Posted on by Peter Rettig

The K.I.S.S. Principle and Game Playing

KISS Acronym As we started out to develop our foreign language games and the related website, we knew we wanted to attract a wide range of learners:
- those for whom traditional language instructions did not work;
- those who were currently using other self-teaching foreign language programs;
- those for whom such courses were either too expensive or time consuming or boring;
- those who were attracted by the “game playing” proposition - to just name a few.

We were further guided by the Eisenberg's/Quato-vonTivadar's book Always Be Testing, which identifies four personality types of web users that can serve as archetypes: 1. Competitive/Assertive 2. Spontaneous/Amiable 3. Humanistic/Expressive 4. Methodical/Analytical

Without going into the authors' description of these types, we designed our site with these four types in mind. We also felt that our proposition has the potential to appeal to all four:
- the competitive/assertive user will welcome the points and the scoring with the increasing difficulty inherent in any language course;
- the spontaneous/amiable player will be looking for the “play” button and skip much else;
- the humanistic/expressive learner may be interested in linking the foreign language learning to a story;
- the methodical/analytical user will want to understand the logic of the approach, and get grammar and pronunciation explanations.

The K.I.S.S Principle

In the spirit of K.I.S.S., we decided to keep the playing screen as simple and uncluttered as possible. However, surveys on the site and feedback from friends made it clear that there is a difference between younger and older players. While the young players would start playing by clicking on the first playing screen, the older players were a little confused about how to start.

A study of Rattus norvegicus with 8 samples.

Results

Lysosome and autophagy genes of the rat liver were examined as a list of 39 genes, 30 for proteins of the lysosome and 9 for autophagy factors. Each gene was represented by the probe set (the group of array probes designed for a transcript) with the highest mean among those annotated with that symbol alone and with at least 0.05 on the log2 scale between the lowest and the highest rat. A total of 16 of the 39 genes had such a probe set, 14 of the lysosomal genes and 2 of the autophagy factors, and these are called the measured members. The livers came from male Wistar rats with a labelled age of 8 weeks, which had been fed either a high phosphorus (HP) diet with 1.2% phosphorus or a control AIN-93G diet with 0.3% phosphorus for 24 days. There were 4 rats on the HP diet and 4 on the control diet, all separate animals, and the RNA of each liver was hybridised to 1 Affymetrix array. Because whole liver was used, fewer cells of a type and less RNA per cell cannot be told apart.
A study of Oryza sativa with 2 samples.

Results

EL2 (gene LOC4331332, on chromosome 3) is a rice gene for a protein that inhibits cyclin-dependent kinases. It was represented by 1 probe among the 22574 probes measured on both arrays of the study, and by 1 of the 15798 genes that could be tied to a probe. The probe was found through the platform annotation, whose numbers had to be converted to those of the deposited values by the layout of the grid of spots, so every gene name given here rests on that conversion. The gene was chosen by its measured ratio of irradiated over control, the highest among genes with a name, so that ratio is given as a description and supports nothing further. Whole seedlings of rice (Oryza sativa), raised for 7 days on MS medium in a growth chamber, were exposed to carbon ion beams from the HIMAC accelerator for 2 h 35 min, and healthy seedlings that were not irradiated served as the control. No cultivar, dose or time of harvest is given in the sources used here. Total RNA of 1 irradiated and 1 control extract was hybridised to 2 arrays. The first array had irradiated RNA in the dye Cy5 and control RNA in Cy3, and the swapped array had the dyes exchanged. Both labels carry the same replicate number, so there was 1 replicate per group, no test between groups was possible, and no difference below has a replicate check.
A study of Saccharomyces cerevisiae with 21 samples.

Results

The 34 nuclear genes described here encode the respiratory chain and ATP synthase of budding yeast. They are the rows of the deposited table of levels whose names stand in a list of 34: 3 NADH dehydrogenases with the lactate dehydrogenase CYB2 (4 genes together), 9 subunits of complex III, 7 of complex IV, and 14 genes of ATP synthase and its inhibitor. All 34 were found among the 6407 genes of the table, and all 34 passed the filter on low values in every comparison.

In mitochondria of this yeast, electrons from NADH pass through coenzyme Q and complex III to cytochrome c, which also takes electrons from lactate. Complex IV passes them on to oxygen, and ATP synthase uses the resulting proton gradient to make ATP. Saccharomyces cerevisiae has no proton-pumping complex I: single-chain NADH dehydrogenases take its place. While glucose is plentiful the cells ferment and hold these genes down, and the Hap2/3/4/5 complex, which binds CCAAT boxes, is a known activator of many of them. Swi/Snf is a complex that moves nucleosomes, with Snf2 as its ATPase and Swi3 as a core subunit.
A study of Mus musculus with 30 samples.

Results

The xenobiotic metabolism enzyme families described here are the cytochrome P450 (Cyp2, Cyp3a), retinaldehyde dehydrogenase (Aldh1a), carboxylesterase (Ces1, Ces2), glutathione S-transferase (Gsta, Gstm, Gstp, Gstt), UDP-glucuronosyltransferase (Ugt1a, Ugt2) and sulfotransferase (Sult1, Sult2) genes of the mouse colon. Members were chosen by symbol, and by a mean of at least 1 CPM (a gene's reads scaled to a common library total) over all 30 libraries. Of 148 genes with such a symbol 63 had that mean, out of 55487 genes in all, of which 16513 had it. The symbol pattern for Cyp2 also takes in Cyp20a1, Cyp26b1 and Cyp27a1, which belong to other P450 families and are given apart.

Arrows and a “Continue” label had to be added. Clearly, the K.I.S.S. admonishment to ourselves needs to take older players into account too. These players may indeed fall into the four user types quoted above. But, they also may need more instructions “how to play” than generations X Y Z, et al.

We are still evaluating what instructions are really needed. And, we are deliberating on how we should best communicate them. Via buttons on the start up screens? On the game screens? On the home or menu icons?

Voice Recognition?

Listening to native speakers and then emulating their pronunciation is one of the key challenges for any student of a foreign language. While some self-teaching language programs are experimenting with voice recognition programs, we decided against using this technology. Rather than being helpful, it can cause the learner to become frustrated with the program.

Instead, encourage players at to always repeat what they hear, and when they can, to "shadow" what the native speaker says (speak along with the speaker). By using this technique often, a learner's pronunciation can improve noticeably.

We started out with a few basic ideas: Rather than overwhelm the “learner” with explanations and instructions, we let the “player” immediately play through the various screens and games.

Keeping the playing and learning intuitive with games for listening, word identification, translation, and writing, the player will begin to memorize words and sentences and recognize grammatical structures. Indeed, we are very conscious of applying the K.I.S.S. principle to any grammar explanations as well. But that's for another blog post.